92nd American Meteorological Society Annual Meeting (January 22-26, 2012)

Sunday, 22 January 2012
The Pretornadic and Tornadogenesis Phases of the Clinton, Oklahoma Supercell of 12 May 2010 Intercepted by VORTEX2
Hall E (New Orleans Convention Center )
Timothy P. Hatlee, Pennsylvania State University, State College, PA; and P. Markowski, Y. P. Richardson, and J. M. Wurman

The authors analyze the pretornadic (0106-0138 UTC) and genesis (tornadogenesis occurred at 0138 UTC) phases of the Clinton, Oklahoma supercell of 12 May 2010 intercepted by the Second Verification of the Origins of Rotation in a Tornado Experiment (VORTEX2). The analysis relies on radar data from a pair of Doppler On Wheels (DOW) radars, mobile mesonet observations, and mobile sounding observations.

The storm resembles tornadic supecells previously observed by DOW radars. Counterrotating vortices straddle the hook echo within the rear flank outflow, and are connected by arching vortex lines. The cyclonic vortex becomes favored, and is eventually intensified to tornadic strength. The outflow in the hook echo region, where sampled, has relatively small virtual potential temperature deficits. The formation of a primary gust front along the forward edge of the outflow precedes the occluded stage of the supercell storm.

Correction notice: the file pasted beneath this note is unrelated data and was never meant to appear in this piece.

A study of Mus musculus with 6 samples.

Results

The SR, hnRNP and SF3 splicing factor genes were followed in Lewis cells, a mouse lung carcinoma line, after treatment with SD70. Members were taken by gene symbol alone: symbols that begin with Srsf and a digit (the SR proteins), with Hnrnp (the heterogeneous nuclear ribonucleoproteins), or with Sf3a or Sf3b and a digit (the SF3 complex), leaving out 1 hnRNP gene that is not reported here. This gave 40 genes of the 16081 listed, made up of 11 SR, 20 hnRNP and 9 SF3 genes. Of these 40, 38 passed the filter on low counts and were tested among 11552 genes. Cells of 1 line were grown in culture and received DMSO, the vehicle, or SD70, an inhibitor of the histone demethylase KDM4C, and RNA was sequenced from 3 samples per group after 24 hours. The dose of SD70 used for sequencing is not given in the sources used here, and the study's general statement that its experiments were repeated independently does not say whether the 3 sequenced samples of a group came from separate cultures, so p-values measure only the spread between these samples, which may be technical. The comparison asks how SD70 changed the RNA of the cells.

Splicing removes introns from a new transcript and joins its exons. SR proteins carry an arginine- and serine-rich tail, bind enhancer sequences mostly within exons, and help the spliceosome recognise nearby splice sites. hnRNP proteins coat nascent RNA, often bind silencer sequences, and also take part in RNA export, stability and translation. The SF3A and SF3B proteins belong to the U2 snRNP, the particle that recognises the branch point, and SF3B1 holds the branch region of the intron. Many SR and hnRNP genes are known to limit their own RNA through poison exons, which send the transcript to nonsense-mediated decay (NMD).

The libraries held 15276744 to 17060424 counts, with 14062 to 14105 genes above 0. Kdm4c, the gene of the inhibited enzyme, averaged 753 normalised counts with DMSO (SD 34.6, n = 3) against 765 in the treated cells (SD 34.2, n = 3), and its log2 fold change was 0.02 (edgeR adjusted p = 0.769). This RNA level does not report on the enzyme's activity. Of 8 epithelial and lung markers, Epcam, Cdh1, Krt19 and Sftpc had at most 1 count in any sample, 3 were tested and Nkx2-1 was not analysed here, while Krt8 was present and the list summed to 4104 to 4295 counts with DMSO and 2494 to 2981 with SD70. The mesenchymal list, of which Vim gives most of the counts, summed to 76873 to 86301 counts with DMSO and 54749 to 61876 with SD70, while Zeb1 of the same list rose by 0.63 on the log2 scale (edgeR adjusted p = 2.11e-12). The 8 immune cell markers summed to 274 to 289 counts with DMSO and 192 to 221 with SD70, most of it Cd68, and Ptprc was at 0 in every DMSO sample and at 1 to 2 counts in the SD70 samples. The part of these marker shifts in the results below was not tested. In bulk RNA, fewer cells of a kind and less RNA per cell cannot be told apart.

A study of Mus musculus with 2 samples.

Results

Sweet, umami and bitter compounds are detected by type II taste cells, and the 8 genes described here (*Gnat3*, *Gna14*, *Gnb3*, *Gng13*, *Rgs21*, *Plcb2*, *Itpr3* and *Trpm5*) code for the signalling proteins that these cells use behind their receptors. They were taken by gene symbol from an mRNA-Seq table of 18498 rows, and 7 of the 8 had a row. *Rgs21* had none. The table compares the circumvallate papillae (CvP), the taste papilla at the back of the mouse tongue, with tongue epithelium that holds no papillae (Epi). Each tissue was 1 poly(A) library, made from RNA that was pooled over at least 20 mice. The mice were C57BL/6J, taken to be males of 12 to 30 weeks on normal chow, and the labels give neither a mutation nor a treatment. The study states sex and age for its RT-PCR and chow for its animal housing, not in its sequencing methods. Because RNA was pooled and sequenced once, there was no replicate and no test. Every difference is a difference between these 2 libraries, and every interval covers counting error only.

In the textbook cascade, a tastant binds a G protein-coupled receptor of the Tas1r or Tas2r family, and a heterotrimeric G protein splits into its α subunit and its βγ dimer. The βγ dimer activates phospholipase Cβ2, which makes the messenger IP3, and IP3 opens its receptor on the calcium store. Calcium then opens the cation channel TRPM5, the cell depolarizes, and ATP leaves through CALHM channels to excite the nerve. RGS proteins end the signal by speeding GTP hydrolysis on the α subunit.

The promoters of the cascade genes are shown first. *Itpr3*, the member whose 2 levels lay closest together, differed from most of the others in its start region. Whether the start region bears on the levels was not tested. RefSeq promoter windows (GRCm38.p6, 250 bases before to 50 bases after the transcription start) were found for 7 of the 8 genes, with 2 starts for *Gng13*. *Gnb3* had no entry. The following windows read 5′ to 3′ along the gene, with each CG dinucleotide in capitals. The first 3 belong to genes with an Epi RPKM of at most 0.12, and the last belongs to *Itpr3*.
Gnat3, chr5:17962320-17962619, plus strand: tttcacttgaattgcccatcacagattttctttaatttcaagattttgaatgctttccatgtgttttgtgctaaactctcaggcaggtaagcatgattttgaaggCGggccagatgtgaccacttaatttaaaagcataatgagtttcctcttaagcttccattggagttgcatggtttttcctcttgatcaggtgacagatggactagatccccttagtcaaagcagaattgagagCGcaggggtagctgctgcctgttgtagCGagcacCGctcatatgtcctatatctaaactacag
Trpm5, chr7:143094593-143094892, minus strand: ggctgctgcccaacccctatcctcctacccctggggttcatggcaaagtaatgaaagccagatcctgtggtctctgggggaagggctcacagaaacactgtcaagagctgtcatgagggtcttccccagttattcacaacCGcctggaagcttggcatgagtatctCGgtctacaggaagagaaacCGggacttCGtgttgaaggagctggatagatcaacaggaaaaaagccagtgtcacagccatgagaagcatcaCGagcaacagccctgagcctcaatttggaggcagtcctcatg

Preexisting low-level rotation is strongly weakened by the arrival of a descending reflectivity core (DRC) at the surface in the 0122-0126 UTC time period, and consequently the main storm updraft abates. By 0128 UTC, a new updraft develops along the leading edge of the gust front, followed by the tilting and stretching of baroclinically-generated horizontal vorticity to tornadic strength at 0138 UTC. As has been observed in recent studies, the DRC is associated with a rapid increase in vertical vorticity and circulation, although the documentation of this type of DRC is limited. It is becoming apparent that the DRC may have dynamic effects on tornadic evolution that are not yet understood.